Angkas and the business of sharing
If the objection to Angkas, the motorcycle ride-sharing transport network whose operation has recently been ordered suspended, is that the service it offers is not safe and secure, then we may as well ban riding tandem itself, and revoke the licenses that had been given to other ride-sharing networks.
Let’s unpack these objections carefully. First, do two-wheel motor vehicles pose more danger to their riders and passengers than four-wheel vehicles? The answer may seem obvious: Two wheels don’t have the same stability as four wheels, and, therefore, are more dangerous. But, as a motorcycle rider myself, I have to disagree. I think a lot depends on driver experience, and on the inculcation in the general public of a road-sharing ethic.
Angkas riders who are trained to carry passengers on a regular basis are surely no less experienced than the average biker in negotiating Metro Manila’s crowded streets. Indeed, I imagine they would be safer drivers than the typical solo biker who might occasionally take a friend or family member as passenger.
On the other hand, the objection regarding security (e.g., the danger of being held up or abducted) would equally apply to ride-sharing networks that use cars instead of motorbikes. In fact, such danger also lurks more or less equally in taxis, jeepneys, or buses. Come to think of it, it’s probably easier to jump off a motorcycle than from a taxi or a jeepney if one’s security is threatened.
Lastly, the law prohibiting the use of two-wheel vehicles as public utility vehicles may be there, but we have yet to hear of habal-habal drivers being arrested or prevented from plying their routes in remote upland areas where these modified motorbikes (that can take a dozen passengers) are the only means of public transport available. Here we go citing laws that were crafted long before the concept of a “sharing economy” entered the world of business. If we could reinterpret those laws to accommodate entities like Uber and Grab, which, strictly speaking, are not public transport companies that own and operate fleets of vehicles, why can’t the same adaptation be made to allow the local ride-sharing network Angkas to operate legally?
I believe that what’s important, in the final analysis, is that someone can be held accountable when accidents happen. If they have the same driver and passenger insurance provisions as those found in the other transport networks, there should be no further reason to stop Angkas riders from offering their services to the commuting public.
That said, I believe it’s important to revisit the original idea that inspired the formation of the successful pioneering entities in the sharing economy — like Airbnb and Uber. This may help guide our legislators in designing new laws that would prevent the idea of sharing from being totally engulfed by the commercial twin with which it made its appearance in the market economy.
The idea was simple enough. Some people have things that are in excess of what they personally need — living space, space in their vehicles, time on their hands, books and similar resources they have accumulated, etc. They may not be prepared to donate these to the government or any public entity, but, given the opportunity to do so, they might gladly share these with others, expecting almost nothing in return.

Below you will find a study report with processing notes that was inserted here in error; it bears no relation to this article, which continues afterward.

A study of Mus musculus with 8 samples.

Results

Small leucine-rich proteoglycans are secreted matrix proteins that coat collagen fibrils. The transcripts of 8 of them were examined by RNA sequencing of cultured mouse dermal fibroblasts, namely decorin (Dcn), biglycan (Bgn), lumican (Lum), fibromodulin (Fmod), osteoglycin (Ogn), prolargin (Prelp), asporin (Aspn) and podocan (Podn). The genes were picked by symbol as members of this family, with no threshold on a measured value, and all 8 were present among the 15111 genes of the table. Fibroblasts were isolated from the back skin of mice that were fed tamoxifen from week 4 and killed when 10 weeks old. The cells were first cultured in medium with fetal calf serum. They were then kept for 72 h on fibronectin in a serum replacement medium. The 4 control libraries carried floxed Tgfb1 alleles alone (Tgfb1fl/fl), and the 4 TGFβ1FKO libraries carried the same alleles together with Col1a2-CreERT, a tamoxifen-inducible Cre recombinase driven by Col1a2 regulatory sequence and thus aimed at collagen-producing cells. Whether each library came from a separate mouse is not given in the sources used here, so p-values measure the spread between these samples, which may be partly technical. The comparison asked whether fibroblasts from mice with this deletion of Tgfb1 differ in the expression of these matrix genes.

Thus, we have carpooling, where neighbors take turns bringing and picking up their children to and from school, instead of each parent waking up every day to bring their child to school, or paying for school bus service. Outside the campus of every big university in the United States and Europe, one would often find the most marvelous secondhand bookshops. Rather than gather dust and use up precious space in cramped student apartments, these books are sold to booksellers for a pittance, and are in turn sold back to other students for just a little more. That, too, is a form of sharing, but with a small difference — someone, in this case, the secondhand bookseller, manages the exchange.
Airbnb and Uber take off basically from the same hybrid concept. An entity is formed that manages the exchange of gifts among the participants and creates and maintains the technological infrastructure that makes this possible. For this, a small fee is collected.
Ideally, there’s supposed to be no exchange of money among the participants in the sharing network. The fee that is collected should be just enough to compensate the employees of the network and take care of incidental expenses. Homeowners who let travelers use a spare room are content to collect a small fee for laundry and electricity and be rewarded by the friendship and gratitude they reap as hosts. Travelers get to enjoy virtually free accommodation with a dose of personal hospitality, instead of staying in impersonal high-priced hotels.
Regretfully, the spirit of sharing has been overshadowed by profit-making. Venture capitalists saw the potential of monetizing the spirit of gift-giving, and invested heavily in the new companies. This drove the sharing economy to become as grasping in its quest for returns as the conventional capitalism it sought to replace. The participants themselves soon dropped the veneer of sharing. Individual car owners were soon replaced by greedy entrepreneurs that bought fleets of vehicles intended for use in the Uber or Grab networks. And, big landlords owning several houses began to edge out small homeowners who had initially networked with Airbnb.
We must learn from these sad experiences as we search for new models of sharing in a world that seems bent on monetizing everything we value.